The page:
While Statistics Canada figures show that overall funding of government science has increased from $10.4 billion in 2015/16 to $11.3 billion in 2018/19, actual spending is projected to be $112 million lower in 2018/19 than in 2014/15.
Worse, spending on R&D by government scientists has declined by $891 million, compared to 2010/11 under the Harper government. While some science funding has shifted to the private sector to encourage innovation, R&D by federal scientists has declined steeply.
“The strength of Canada’s R&D network depends on a robust federal government presence,” says PIPSC President Debi Daviau. “We cannot rely increasingly on the private sector alone to provide needed innovations. Often the very innovations we most need – for example, better weather forecasting, more resilient crops, improved pollution monitoring – result from R&D in areas of direct federal government responsibility, which is why we’re calling for more funding in next year’s budget.”
The StatsCan numbers reinforce the findings of a 2017 survey of federal scientists, which discovered that well over half (58%) believe their departments do not have sufficient resources to fulfill their mandates. The problem is particularly pronounced in the Canadian Space Agency (79%), Natural Resources Canada (64%), and even Environment and Climate Change Canada, where 60 percent do not feel their department has sufficient resources.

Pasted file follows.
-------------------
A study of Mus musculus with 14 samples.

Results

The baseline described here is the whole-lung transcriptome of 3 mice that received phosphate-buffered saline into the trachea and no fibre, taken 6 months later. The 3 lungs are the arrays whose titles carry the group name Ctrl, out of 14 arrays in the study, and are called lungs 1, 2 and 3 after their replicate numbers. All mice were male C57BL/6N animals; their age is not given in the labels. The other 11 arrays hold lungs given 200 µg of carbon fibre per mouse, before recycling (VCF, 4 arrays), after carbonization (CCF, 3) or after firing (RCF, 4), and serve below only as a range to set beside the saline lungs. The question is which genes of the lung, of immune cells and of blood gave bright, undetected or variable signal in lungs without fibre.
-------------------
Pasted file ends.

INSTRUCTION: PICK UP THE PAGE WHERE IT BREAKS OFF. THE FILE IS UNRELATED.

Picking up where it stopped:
The public opinion survey by Environics Research, commissioned by PIPSC, was conducted by telephone among 1,000 Canadians between July 3 and 8, 2018. The results can be considered accurate +/– 3.1 percentage points, 19 times out of 20.
Invitations to participate in the online survey of federal scientists, also hosted by Environics Research, were sent to 16,377 scientists, engineers and researchers in over 40 federal departments and agencies. Of these 3,025 (18.5%) responded between May 29 and June 27, 2017. The survey is considered accurate +/– 1.8 percentage points, 19 times out of 20.